Intervention couldn’t deter
two young people in love
November 14, 2015
MARY LOU MONTGOMERY
As is true with the best of school educators, Miss Frankie Connell was astutely aware of the comings and goings of her students. Assigned as a vocational instructor for the Hannibal public schools during the 1919-1920 school year, she was privy to discussions among the students, often serving as a confidant for those with special issues and needs.
Shortly after the school year began, Miss Connell became aware of whispers among her students. A little probing brought the topic to light: The pending marriage of one of her 14-year-old students.
The Missouri statute at the time defined the legal age of marriage for girls at 15. Miss Connell felt compelled to alert authorities regarding the planned nuptials, in order to stop what ultimately could become an illegal union.
Subsequent action taken by Police Matron Ella Garland and Probation Officer Kelly caught the attention of local reporters, and the intervention was reported in the Sept. 15, 1919 edition of the Quincy Daily Whig.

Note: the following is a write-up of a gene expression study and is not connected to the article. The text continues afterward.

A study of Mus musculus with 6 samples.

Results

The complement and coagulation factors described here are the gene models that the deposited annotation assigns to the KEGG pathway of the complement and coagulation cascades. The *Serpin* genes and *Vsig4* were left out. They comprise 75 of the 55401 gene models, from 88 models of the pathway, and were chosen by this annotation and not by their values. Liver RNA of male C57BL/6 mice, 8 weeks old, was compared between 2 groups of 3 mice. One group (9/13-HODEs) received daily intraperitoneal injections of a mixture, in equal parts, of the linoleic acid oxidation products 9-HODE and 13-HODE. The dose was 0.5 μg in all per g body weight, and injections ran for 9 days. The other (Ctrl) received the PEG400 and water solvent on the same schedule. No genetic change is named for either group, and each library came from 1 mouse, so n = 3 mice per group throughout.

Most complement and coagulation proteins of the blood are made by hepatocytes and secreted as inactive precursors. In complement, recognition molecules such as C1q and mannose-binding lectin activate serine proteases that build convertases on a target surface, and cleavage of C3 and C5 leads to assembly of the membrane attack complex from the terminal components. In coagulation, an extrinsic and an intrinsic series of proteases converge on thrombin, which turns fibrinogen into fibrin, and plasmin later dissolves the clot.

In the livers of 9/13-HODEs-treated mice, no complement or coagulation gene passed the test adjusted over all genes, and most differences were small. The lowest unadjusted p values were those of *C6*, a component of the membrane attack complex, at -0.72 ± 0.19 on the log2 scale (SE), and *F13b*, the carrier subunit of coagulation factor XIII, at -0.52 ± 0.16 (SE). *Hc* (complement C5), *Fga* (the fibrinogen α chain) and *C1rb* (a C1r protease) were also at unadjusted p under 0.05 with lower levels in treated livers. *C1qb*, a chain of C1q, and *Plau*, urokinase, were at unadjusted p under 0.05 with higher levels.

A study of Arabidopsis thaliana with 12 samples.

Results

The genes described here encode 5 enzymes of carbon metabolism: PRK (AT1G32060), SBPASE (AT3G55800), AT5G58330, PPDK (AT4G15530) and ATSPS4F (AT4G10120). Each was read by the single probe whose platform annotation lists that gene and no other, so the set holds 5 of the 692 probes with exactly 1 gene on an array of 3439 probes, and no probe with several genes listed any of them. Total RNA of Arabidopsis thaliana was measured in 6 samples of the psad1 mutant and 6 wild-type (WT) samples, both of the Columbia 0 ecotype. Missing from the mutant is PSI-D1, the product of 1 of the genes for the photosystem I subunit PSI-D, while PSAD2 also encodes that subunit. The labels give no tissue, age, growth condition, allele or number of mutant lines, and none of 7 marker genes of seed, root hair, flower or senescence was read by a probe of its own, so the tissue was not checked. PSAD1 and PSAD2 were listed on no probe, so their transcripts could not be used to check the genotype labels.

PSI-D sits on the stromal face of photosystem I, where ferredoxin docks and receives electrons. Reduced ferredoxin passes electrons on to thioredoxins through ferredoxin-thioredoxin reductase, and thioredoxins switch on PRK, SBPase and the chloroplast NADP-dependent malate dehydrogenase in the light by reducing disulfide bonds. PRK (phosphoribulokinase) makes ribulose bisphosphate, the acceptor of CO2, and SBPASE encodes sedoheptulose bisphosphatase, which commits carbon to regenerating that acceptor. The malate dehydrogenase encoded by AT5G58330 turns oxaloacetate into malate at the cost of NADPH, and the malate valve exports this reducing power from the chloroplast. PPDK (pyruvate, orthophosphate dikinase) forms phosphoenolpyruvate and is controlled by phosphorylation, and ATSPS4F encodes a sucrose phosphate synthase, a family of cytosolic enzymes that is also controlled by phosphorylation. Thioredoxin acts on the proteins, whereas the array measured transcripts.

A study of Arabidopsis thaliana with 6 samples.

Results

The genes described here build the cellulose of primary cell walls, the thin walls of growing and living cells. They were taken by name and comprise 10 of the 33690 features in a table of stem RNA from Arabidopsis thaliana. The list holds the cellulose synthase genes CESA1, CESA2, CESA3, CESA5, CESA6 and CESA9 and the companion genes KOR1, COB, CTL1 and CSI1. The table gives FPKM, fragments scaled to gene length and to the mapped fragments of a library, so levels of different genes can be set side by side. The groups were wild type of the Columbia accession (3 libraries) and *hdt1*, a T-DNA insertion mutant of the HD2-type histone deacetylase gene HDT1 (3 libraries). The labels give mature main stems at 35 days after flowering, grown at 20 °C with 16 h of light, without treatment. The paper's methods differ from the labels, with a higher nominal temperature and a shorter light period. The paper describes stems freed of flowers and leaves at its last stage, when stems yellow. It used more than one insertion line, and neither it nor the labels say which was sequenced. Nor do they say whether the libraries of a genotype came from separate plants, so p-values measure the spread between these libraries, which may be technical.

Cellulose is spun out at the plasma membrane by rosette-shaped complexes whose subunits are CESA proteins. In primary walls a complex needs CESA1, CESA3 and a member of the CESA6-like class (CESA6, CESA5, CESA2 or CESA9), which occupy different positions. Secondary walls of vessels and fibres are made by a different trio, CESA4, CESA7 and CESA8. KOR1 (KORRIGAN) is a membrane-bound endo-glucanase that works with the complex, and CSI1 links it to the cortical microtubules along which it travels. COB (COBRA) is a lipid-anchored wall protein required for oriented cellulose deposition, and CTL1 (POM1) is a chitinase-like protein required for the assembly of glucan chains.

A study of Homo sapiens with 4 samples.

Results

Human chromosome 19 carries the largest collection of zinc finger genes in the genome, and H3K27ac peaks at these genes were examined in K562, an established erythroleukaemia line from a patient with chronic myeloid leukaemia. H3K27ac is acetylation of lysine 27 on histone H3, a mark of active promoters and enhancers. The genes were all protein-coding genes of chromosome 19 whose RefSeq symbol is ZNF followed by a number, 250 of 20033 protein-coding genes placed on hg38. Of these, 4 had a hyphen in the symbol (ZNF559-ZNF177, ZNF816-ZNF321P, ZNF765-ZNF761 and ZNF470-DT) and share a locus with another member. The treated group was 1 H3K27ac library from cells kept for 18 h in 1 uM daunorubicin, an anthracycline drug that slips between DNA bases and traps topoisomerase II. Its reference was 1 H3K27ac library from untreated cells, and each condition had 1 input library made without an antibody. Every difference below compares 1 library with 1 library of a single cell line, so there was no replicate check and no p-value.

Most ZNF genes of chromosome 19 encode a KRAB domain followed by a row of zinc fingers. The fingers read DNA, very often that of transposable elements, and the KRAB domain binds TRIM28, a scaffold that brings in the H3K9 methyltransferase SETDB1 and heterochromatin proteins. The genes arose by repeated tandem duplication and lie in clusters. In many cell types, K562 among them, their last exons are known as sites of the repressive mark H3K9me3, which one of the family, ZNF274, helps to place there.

The headline read: “Matron stops girl bride from marrying.”
But census records show differently.
When the census taker came calling on Jan. 12, 1920, Cleve Brown, 18, son of A.J. Brown, living in Ralls County, and Anna Whitman, 14, daughter of Mrs. Eliza Whitman of 2122 Hope Street, were man and wife.
Some 20 years later, the marriage ended it divorce, but one son was born of the union, Cleve A. Brown, in 1921.
By the time the 1940 census was recorded, Anna Brown, son Cleve A. Brown and Anna’s mother, Eliza Whitman, had moved to rural Adair County, near Kirksville.
Cleve Brown Sr. died in 1973, and is buried at Grand View Cemetery, Ralls County, Mo.
Click here to read about Miss Frankie Connell's 50-year teaching career in Marion County, Missouri.